By JP Strapp
A recent article in the Annals of Internal Medicine, The Effects of Pay-for-Performance Programs on Health, Health Care Use, and Processes of Care: A Systemic Review, detailed the effects of pay-for-performance (P4P) programs on health outcomes, health care utilization, and processes of care. The authors concluded that there is no consistent positive association between P4P programs and improved health outcomes. While this systematic review is both thorough and noteworthy, we should not use this analysis to draw broad conclusions about value-based care. Based on TKG’s experience deeply entrenched in care delivery, there are two main reasons why this P4P review should not be correlated to the effectiveness of existing value-based care tactics.
First, it is important to reinforce that there are a number of elements that contribute to success in a value-based care environment. Financial incentives, such as P4P, are an important catalyst to help drive practice transformation but alone are insufficient. They should be part of an overall quality of care strategy, which includes elements of change management, physician and care team engagement, use of data for continuous quality improvement, and patient activation and engagement efforts. We have observed the successful application of these tactics impacting both outcomes and cost of care in the implementation of our Quality Blue Primary Care program for Blue Cross Blue Shield of Louisiana.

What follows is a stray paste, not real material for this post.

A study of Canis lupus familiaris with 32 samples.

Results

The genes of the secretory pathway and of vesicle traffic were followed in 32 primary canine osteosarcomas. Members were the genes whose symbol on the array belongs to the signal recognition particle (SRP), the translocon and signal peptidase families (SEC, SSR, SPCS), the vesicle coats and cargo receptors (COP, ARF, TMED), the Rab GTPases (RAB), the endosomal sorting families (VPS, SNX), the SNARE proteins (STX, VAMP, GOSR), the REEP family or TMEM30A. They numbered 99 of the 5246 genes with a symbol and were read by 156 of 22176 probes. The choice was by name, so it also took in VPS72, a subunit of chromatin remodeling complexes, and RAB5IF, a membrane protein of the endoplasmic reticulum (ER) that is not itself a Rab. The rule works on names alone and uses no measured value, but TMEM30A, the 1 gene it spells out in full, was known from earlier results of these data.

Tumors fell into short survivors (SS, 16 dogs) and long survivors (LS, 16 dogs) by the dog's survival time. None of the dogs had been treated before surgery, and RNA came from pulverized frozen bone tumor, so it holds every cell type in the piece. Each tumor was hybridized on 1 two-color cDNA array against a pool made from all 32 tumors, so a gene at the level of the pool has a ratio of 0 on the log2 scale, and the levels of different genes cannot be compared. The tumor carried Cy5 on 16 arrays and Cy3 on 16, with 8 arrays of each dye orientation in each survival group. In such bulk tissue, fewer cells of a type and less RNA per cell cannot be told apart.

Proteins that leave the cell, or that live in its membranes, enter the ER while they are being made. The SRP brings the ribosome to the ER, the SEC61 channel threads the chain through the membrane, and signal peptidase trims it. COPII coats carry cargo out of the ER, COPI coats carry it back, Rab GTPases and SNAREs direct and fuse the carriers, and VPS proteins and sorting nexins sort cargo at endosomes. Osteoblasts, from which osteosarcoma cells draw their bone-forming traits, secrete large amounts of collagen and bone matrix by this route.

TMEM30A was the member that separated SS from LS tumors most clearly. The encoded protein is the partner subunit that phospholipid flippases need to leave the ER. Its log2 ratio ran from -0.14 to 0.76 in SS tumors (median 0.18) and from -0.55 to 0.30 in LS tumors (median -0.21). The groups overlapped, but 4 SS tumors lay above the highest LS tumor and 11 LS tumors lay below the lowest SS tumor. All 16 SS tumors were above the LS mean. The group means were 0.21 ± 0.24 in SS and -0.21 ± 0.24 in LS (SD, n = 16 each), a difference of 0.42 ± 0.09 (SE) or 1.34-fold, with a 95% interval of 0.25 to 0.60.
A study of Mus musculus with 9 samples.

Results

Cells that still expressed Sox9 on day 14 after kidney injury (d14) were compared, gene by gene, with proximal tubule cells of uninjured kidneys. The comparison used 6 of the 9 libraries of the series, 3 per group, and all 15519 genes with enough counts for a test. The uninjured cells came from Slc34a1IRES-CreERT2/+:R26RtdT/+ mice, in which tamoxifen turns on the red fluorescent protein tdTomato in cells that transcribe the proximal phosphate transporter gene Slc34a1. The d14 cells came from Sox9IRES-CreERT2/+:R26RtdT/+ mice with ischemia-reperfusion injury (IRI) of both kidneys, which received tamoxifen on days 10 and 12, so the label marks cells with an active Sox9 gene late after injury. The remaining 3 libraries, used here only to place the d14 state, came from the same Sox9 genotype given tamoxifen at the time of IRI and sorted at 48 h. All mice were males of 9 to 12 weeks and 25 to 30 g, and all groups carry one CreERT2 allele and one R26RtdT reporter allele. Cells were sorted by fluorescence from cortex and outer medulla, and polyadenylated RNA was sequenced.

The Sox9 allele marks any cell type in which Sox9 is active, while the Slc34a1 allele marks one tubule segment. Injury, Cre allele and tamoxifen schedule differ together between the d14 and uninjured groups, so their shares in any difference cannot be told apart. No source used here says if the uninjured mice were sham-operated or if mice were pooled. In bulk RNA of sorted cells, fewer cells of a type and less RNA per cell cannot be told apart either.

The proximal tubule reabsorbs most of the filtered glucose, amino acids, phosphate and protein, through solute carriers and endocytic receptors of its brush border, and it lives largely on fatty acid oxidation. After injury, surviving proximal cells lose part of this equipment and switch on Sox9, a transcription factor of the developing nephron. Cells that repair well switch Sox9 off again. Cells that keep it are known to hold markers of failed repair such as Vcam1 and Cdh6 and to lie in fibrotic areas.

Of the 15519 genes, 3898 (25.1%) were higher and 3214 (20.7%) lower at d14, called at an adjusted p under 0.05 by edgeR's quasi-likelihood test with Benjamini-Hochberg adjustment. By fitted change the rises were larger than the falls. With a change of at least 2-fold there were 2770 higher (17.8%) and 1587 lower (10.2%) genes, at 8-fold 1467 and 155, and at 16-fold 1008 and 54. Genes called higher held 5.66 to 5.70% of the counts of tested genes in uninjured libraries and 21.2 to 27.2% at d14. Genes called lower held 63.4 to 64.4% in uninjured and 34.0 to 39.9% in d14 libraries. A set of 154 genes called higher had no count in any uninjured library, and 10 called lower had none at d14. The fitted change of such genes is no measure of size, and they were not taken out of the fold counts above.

Additionally, we believe that it is important to further analyze the Quality and Outcomes Framework (QoF), a primary care performance management and P4P payment system implemented by the National Health Service (NHS) in the United Kingdom, from the perspective of the United States healthcare system. The QoF was a major component of the Annals of Internal Medicine review of P4P programs and has been the focus of many similar reports. The program design and rollout warrants further analysis to determine its applicability to value-based care imperatives in the United States. Why has the QoF been ineffective? Are there lessons to be learned to help ensure success in the United States market?
In summary, it is clear that value-based care delivery is extremely complex and can be analyzed from many different angles. As such, the Annals of Internal Medicine review is an important signal to ensure that several value-based care critical success factors are incorporated into process redesign and that these changes are properly and completely executed. At TKG, we believe this approach can help health systems achieve the Quadruple Aim measures that all healthcare stakeholders are seeking.